The “good enough” principle originates from the world of software design. The idea is that people will use products that are good enough for their requirements, despite the availability of more advanced technology.
You could go so far as to say that most products today are over-engineered – with extra functionality that most people never use.
In many ways though, the ‘good enough’ approach is counter-intuitive. Most of us were brought up to strive for perfection. We wouldn’t dream of releasing a product that is not the best it could be.
The hard truth is that it takes a lot of time and energy to achieve perfection, and often, by the time you do, the product is out of date, or a competitor has beat you to market. The quest for perfection can really set you back.
The good enough principle says that customers (or early adopters at least) will use a product that meets an important need, as long as the product is good enough. In other words, it doesn’t need world-class functionality, it doesn’t even need to look that good. It simply has to do a great job at meeting the basic need it was created to meet.
Of course, diving in and creating a new product or piece of software when it hasn’t been fully defined is daunting. But the beauty of the good enough approach is that you get real customer data and feedback early, so you can build and tweak the product as you go, creating a much more robust final product.
Creating this ‘minimum viable product’ – which should be robust enough to go to market, with just enough functionality to keep customers happy – is an important part of the so-called ‘Agile’ methodology. Once the product is out there and has been used and tested, a new layer of functionality can be added, tested and released to market. And so the process continues. This enables you to change direction at short notice to respond to customer feedback.
Google is a great example of a big company that has mastered the art of ‘good enough’. It constantly introduces new services and products, which often remain in beta for years, even after millions of people start using them.
By getting customer feedback early on, Google can make incremental improvements to the products until they meet the need they were designed for, at the level that Google has become famous for.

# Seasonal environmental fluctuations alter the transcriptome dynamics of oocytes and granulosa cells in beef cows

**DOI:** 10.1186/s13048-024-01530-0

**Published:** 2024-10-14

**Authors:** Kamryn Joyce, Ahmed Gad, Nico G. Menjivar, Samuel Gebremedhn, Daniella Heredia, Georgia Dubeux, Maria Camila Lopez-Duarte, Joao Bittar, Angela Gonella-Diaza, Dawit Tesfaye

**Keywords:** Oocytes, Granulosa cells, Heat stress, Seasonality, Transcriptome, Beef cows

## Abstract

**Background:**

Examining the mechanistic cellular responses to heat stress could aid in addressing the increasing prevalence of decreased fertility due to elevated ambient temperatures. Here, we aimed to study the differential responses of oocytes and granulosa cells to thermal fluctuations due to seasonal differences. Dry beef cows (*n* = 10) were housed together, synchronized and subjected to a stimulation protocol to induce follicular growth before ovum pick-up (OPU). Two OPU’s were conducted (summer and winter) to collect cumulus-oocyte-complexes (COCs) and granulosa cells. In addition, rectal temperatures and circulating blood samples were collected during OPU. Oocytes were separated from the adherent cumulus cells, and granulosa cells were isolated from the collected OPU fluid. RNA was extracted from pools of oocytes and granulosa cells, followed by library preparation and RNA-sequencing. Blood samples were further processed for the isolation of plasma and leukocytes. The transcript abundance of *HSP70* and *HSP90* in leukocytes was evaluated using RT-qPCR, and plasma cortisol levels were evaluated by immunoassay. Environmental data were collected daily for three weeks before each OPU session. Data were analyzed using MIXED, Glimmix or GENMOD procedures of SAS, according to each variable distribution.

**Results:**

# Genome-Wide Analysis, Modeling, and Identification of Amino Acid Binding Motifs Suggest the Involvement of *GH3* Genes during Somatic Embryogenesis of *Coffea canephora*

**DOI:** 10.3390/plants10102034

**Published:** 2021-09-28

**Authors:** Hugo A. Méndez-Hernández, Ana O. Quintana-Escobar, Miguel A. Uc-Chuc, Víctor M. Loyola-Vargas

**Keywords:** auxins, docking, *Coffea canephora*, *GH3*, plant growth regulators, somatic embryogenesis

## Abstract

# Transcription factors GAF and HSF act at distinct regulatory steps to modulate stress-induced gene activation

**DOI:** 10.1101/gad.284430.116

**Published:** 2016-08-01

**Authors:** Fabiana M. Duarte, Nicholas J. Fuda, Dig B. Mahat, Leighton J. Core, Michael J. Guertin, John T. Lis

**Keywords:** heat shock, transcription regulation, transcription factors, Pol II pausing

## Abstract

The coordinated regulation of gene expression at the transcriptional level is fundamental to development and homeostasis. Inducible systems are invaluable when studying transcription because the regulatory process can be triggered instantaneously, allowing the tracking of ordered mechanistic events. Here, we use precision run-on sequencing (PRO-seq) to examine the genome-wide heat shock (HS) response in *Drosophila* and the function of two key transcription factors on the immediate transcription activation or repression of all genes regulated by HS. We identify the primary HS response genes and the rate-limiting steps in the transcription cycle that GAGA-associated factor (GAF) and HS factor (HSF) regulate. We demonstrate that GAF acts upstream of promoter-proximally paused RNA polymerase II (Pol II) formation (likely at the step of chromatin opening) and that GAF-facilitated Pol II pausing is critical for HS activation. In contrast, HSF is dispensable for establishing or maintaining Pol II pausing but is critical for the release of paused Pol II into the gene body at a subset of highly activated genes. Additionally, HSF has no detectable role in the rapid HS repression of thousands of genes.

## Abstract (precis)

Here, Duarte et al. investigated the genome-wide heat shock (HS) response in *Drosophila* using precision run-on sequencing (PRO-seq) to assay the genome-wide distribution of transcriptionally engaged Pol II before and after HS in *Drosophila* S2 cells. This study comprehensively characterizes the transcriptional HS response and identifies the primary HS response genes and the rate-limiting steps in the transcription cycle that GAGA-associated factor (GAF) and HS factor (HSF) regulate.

The good enough approach also enables faster, better decision making – vital in the ever-shifting world of customer demands and economic conditions. Product development is not like building a road or a bridge, where there are few variables. Things change all the time, sometimes at the speed of light, and if you miss the opportunity to react fast, you could lose out.
Never compromise on quality
It’s important to remember that shifting the focus away from perfectionism never means that quality can be compromised. When we work towards ‘good enough’ and early launches, we should do so by doing less, not doing worse.
It’s like building a racing car with all the latest technology and accessories. If every piece of the engine isn’t in working condition, the car is completely useless. You’d be better off in a go-kart. At least it would get you from A to B!
How good is good enough?
‘Good enough’ might seem like a subjective measure, and in many ways it is, but a product should be considered good enough when the positive consequences of creating it outweigh the negative consequences.
Getting the balance right requires a solid understanding of agile development processes, the problem at hand, and the tradeoffs available to you at every stage of development.
Discipline and communication are key to keeping the project on track over what can often be a lengthy development process. But most importantly, never forget the requirements of your intended market.
It works in business
I have seen that the good enough approach works well within a business too. We have adopted the agile approach internally at Stone Three in all business divisions, and have found that it leads to much greater collaboration and productivity.
Rather than slaving away on a project in isolation until it’s ‘perfect’, we encourage staff to share their work as soon as they think it is good enough.